Francis Lawrence is a happy man.
The director won't deliver his big-screen adaptation of "Constantine" to theaters until next year, but he's already showing off 20 minutes of footage from the film the same way that a proud papa trots out baby photos.
"Constantine" marks the first film for Lawrence, best known as the man behind the videos for Justin Timberlake's "Rock Your Body," Avril Lavigne's "Sk8er Boi," Britney Spears' "I'm a Slave 4 U" and P.O.D.'s "Alive." The film is drawn from the heralded and relentlessly dark DC Comics/ Vertigo series "Hellblazer," which focuses on John Constantine, a supernatural detective who toils in a world where hell and earth mingle a bit too freely. In the film, Keanu Reeves steps into the role of Constantine, pairing with Rachel Weisz's skeptical police officer to walk among demons and angels while investigating a murder. Much creepiness and freakiness follows, if Lawrence's rough footage is any indication.
The director first rolled out his 20-minute teaser at Comic-Con earlier this year, and now he's presenting his footage to select press. There is still a lot of effect, sound and music work to be done on the film, but what has been put together so far suggests a dark, twisted and visually stunning film that stays true to the dark, gritty heart of its source material (though, as Lawrence notes, in his film "[Constantine's] not blond, not British, and it's not set in London anymore").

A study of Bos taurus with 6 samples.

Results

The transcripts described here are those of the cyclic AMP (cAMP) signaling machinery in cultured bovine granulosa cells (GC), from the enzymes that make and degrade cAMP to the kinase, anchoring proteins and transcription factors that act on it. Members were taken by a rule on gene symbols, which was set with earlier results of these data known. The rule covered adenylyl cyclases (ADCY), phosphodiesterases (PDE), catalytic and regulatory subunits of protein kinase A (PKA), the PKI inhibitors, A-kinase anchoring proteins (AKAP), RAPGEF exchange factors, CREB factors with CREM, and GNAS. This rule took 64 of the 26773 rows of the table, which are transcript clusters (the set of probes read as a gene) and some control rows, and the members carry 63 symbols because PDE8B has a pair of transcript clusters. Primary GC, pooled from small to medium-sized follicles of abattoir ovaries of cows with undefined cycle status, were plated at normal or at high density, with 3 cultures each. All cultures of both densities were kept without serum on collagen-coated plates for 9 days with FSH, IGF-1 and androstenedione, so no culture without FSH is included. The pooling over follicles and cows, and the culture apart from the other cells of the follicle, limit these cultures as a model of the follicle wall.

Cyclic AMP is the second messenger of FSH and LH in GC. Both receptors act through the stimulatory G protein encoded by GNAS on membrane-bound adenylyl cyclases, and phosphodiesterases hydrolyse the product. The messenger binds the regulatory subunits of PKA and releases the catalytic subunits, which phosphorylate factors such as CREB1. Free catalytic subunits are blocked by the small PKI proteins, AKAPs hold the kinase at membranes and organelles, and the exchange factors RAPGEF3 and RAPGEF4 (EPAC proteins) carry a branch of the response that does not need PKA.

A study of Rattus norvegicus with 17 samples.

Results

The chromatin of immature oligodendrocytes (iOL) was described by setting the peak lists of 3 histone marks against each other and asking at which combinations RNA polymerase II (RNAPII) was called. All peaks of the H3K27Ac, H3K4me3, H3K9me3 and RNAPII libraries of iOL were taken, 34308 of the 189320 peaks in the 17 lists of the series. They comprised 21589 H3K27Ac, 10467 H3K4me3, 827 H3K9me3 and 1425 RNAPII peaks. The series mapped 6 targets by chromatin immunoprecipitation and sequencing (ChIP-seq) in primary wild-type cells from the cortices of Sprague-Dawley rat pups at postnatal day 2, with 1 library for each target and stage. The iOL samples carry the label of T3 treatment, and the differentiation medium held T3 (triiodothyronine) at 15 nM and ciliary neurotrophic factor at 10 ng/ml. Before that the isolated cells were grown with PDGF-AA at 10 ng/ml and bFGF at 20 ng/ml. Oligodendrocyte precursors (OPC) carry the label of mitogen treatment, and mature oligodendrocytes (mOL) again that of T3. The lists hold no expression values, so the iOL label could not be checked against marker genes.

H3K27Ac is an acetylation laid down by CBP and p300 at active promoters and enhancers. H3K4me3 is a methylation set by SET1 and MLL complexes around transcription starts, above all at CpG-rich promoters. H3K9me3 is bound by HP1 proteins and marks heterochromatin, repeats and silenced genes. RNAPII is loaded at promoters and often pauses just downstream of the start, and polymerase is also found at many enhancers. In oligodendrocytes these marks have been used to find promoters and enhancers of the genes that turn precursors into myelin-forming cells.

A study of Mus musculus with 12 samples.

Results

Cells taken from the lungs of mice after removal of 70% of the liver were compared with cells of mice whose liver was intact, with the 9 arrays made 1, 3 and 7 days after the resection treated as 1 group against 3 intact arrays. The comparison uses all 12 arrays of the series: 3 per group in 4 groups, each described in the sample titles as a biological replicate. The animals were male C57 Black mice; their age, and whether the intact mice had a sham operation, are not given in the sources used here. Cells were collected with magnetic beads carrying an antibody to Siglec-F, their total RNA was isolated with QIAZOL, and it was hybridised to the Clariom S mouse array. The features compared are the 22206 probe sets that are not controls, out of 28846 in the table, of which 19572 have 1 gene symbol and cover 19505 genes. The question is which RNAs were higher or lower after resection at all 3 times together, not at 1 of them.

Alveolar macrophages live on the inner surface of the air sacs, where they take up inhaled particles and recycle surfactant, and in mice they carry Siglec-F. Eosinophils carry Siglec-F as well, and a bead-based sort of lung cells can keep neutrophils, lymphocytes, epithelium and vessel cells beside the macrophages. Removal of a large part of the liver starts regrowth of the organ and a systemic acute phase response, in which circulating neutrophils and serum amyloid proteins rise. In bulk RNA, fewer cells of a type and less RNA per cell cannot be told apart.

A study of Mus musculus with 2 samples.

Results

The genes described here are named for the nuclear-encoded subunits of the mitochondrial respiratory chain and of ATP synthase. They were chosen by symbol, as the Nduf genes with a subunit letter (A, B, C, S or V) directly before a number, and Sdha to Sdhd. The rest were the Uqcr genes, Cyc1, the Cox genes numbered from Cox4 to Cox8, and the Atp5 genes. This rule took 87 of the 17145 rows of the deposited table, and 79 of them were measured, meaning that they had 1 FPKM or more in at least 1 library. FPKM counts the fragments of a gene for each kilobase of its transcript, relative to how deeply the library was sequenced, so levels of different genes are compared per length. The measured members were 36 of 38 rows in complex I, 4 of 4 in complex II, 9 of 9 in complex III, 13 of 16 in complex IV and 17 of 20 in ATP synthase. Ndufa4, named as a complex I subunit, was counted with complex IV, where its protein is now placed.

Lawrence has said that he didn't want to make a "typical comic-book movie," and he seems to be well on his way to achieving that goal. The footage suggests a far different path than that taken by "Spider-Man" or "X-Men," and the end result could well be the darkest comic adaptation this side of "Blade." Among the highlights so far, Keanu's Constantine presides over an especially noisy and gruesome exorcism that sees a partially headless demon expelled from a young girl. Later, Constantine goes toe-to-toe with a demon whose face is composed entirely of maggots. There are also headless soldier demons, melting faces and mysterious forces that manage to push people through walls.
It's fairly dark stuff, and Lawrence hopes that the tone will come across as morsels of the film drip out during its marketing campaign. He is currently working on a three-minute trailer for the film, and priority number one is putting the dark feel of his film on display.
Until the film arrives next year, fans will have to content themselves with those offerings, as well as this exclusive production image, one of many used to help inspire the look and feel of "Constantine" (click here for full image).